Matthew Barrett On FASCIA: The Good, The Bad And The Ugly


The Good – What It’s For
Deep fascia covers our muscles and influences our sensory system during exercise. It is rich in nerves and incredibly thin capillaries. It provides a space for nerves to travel to and past muscular structures for sensory feedback to the brain on things like tension. Deep fascia allows for muscles to slide past or alongside each other during voluntary and involuntary muscular contractions.

Our fascial system plays a huge role in our physical wellbeing, injury prevention and all round function, so it is definitely something to look after.

The Bad – Fascial Issues
Fascia, like any other tissue in the body, can take a beating – it has been described as being stronger than steel, pound for pound! If you train regularly or partake in exercise or sport endeavours, your fascial systems will be put under stress, just like your muscles. As we exercise, the stress placed on these connective tissues can distort the fascia’s characteristics. These changes can pull, compress, create friction and cause malalignment within our musculoskeletal system. As the fascial system is so extensive throughout the body, these distortions can refer pain or mechanical issues elsewhere in the body.

For example, fascial adhesions around the knee can cause symptoms in and around the hip. Inflammation and scar tissue all contribute to conditions such as plantar fasciitis, ilio-tibial band (ITB) syndrome, or frozen shoulder.

Tight fascia, with its dense area of nerves can actually restrict muscle action altogether and inhibit its ability to contract. If you have ever suffered from a fascial condition, you‘ll be familiar with how incredibly uncomfortable it can be. The pain can easily bring your training programme to a halt.

The Ugly – Treatment
All round fascia care includes good nutrition for micro-nutrients and anti-inflammatories, lots of water to keep your tissue hydrated and flexible, but also exercise to strengthen your soft tissues against injury, and stretching to keep everything mobile and elastic. However, even when you tick all of those boxes, things can still go wrong, especially if you are increasing your exercise intensity, frequency or volume too fast, or when you simply try something new. If you are experiencing symptoms and the pain occurs, or you notice poor contractile ability or mechanical issues, or maybe all at once, it is time to get it checked out. Due to fascia’s strength, this can be a hard task.

A soft tissue practitioner such as a sports massage therapist, an ART (Active Release Technique) practitioner or a physiotherapist should be able to provide short and long term relief of these symptoms and to promote a full recovery over time. The ugly truth here is, in my experience, in the treatment room – it can be painful. Fascia has a high concentration of nerve endings, so when it becomes inflamed or adhesions build up, it can be very sensitive. Treatment of the fascial issues involves some serious poking and prodding, it can be very uncomfortable indeed, and that’s saying it nicely. During my last treatment I almost kicked the therapist!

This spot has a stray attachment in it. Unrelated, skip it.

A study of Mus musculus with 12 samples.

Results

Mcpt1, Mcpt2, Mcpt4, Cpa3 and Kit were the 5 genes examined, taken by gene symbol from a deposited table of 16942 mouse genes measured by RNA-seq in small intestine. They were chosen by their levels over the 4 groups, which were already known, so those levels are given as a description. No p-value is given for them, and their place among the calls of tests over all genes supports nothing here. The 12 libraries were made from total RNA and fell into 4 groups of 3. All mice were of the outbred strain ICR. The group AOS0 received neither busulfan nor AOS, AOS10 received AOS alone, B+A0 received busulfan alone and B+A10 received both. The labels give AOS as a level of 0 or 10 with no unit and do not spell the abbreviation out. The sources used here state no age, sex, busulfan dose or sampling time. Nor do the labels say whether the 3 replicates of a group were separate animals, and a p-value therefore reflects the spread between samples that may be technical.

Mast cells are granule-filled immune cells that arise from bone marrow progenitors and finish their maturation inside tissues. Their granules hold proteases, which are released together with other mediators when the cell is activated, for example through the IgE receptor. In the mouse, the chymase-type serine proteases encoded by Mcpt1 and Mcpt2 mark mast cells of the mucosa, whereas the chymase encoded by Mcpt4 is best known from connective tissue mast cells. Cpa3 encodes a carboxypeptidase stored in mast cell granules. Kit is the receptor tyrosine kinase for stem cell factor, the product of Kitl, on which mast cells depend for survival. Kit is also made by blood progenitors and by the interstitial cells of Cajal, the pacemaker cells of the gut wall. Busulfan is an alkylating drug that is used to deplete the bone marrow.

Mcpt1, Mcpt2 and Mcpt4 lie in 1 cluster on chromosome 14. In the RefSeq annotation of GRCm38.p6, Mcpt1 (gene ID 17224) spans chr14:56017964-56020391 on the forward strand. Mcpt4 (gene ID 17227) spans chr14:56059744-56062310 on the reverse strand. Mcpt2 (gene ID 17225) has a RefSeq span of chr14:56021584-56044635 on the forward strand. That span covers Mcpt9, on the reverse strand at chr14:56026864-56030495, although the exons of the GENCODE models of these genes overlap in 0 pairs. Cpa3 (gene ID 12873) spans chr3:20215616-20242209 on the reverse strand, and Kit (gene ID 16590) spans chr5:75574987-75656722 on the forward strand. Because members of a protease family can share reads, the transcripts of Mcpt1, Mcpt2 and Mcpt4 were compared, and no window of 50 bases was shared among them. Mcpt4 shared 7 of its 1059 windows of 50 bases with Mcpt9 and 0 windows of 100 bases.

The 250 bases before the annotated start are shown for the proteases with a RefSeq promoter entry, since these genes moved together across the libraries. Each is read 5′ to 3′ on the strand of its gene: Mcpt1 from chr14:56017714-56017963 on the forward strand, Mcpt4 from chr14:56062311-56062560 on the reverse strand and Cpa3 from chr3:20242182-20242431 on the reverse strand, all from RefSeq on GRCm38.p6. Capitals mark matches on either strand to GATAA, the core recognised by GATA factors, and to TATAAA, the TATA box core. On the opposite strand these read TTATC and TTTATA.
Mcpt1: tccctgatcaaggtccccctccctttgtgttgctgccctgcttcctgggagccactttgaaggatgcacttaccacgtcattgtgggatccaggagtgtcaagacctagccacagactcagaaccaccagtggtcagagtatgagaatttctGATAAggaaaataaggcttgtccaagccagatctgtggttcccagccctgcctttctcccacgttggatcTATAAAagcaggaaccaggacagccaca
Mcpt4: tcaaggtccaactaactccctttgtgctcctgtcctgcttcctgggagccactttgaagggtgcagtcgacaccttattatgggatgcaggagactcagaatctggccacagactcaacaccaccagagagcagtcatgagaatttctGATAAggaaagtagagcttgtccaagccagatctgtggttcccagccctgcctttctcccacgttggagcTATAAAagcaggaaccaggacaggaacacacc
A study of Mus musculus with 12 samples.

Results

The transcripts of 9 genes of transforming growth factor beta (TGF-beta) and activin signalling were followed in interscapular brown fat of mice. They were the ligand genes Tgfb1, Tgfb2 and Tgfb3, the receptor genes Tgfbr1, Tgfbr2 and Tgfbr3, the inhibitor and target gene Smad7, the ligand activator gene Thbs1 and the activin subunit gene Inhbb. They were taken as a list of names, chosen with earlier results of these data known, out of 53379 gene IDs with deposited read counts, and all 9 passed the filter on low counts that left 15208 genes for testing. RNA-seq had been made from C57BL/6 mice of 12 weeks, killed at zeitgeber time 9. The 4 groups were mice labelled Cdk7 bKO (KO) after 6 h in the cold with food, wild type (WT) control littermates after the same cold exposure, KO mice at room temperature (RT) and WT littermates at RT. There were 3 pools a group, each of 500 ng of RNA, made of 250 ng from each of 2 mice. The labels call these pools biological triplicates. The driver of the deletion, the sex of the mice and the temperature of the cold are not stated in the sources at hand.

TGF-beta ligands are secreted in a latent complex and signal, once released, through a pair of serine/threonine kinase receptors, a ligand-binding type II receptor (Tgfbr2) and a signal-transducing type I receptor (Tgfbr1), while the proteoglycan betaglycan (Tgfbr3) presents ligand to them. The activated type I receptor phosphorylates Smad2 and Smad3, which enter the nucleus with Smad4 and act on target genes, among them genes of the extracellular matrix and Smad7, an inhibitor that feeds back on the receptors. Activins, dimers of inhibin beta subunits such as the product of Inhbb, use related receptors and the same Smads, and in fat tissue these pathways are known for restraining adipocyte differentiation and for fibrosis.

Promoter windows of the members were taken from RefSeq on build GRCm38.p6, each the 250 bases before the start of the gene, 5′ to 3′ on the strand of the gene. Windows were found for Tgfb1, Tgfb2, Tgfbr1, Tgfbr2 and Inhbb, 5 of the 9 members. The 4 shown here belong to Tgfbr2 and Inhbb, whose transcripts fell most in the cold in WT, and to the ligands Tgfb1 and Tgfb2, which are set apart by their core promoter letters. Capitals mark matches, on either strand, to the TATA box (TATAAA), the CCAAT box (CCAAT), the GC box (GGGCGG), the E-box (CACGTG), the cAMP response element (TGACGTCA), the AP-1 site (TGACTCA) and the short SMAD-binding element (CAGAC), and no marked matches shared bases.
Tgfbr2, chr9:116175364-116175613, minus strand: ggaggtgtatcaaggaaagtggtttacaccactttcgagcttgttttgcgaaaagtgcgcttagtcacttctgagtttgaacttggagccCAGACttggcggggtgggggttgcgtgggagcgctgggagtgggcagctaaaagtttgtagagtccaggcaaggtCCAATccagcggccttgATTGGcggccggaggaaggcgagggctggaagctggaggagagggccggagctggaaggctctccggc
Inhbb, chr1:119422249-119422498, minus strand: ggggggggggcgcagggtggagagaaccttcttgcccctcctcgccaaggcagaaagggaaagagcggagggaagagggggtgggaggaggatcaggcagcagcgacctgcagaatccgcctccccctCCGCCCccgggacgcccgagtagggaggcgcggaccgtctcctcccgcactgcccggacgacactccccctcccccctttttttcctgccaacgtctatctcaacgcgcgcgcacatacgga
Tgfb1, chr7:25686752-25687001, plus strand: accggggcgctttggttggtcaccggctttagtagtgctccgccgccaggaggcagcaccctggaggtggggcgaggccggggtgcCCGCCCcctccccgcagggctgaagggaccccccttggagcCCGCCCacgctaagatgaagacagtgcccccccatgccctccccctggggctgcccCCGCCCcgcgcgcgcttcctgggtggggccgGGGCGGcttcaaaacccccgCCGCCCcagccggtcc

Treatment Strategies
Massage: Techniques include long, deep and slow massage moves – the pressure applied by your practitioner helps to straighten out scar tissues, improve blood flow and stretch the overall structure.
Compressions: Applying a long compression (around 2 minutes) on an area will force blood out of the area and make way for new, fresher blood. A good compression can cause a hyper relaxation effect within the muscle and fascia. This is usually done manually by the practitioner, or you can do it yourself by using a tennis or golf ball, or a foam roller.

Tempering: This new technique involves placing a heavy instrument on an isolated area. Big, heavy engineered pieces of stainless steel are pressed down on an area of adhesion and scar tissue, leading to pain reduction as the tissue is straightened out. Due to the heavy pressure required, the use of the instrument is designed to save the therapist’s thumbs.

Active Release Techniques (ART): My personal favourite. A good therapist will not be your friend during this type of treatment, but they can also show you how to do a softer version yourself to keep on top of your rehabilitation at home. It involves shortening your muscle and therefore the surrounding fascia, placing direct pressure on different places around the problem area. This is then followed by stretching of the tissue, allowing for the tissue to pass under the point of pressure, resulting in a great local stretch.

Here’s a simple example for you to try:

Sitting in a chair, lengthen one leg out in front of you, into the air. Place both thumbs (one on top of the other) onto the inside portion of your quadriceps muscle, about 2 inches up from your knee cap.

Now push down into the muscle with your thumbs and pull it up slightly, towards your hips. Now you’re set to try the second phase, bending at the knee. Pull your foot down and back underneath you, keeping the pressure tight.

Imagine a therapist whose job it is to get you into a tip top shape, doing the same to you, it is a different experience altogether! And for those who think therapists enjoy hurting people, we don’t, I promise.

Matthew Barrett is a personal trainer, nutritionist and sports massage therapist at Monmouth Leisure Centre. For more information please contact Matthew directly.
Tel: 07933 383 604
Facebook: FitnessPro Matthew Barrett

Andrea Slivkova
Editor, FitNet Magazine
Previously gymnastics coach, massage therapist and personal trainer with 20 years of experience. Former gymnast and dancer.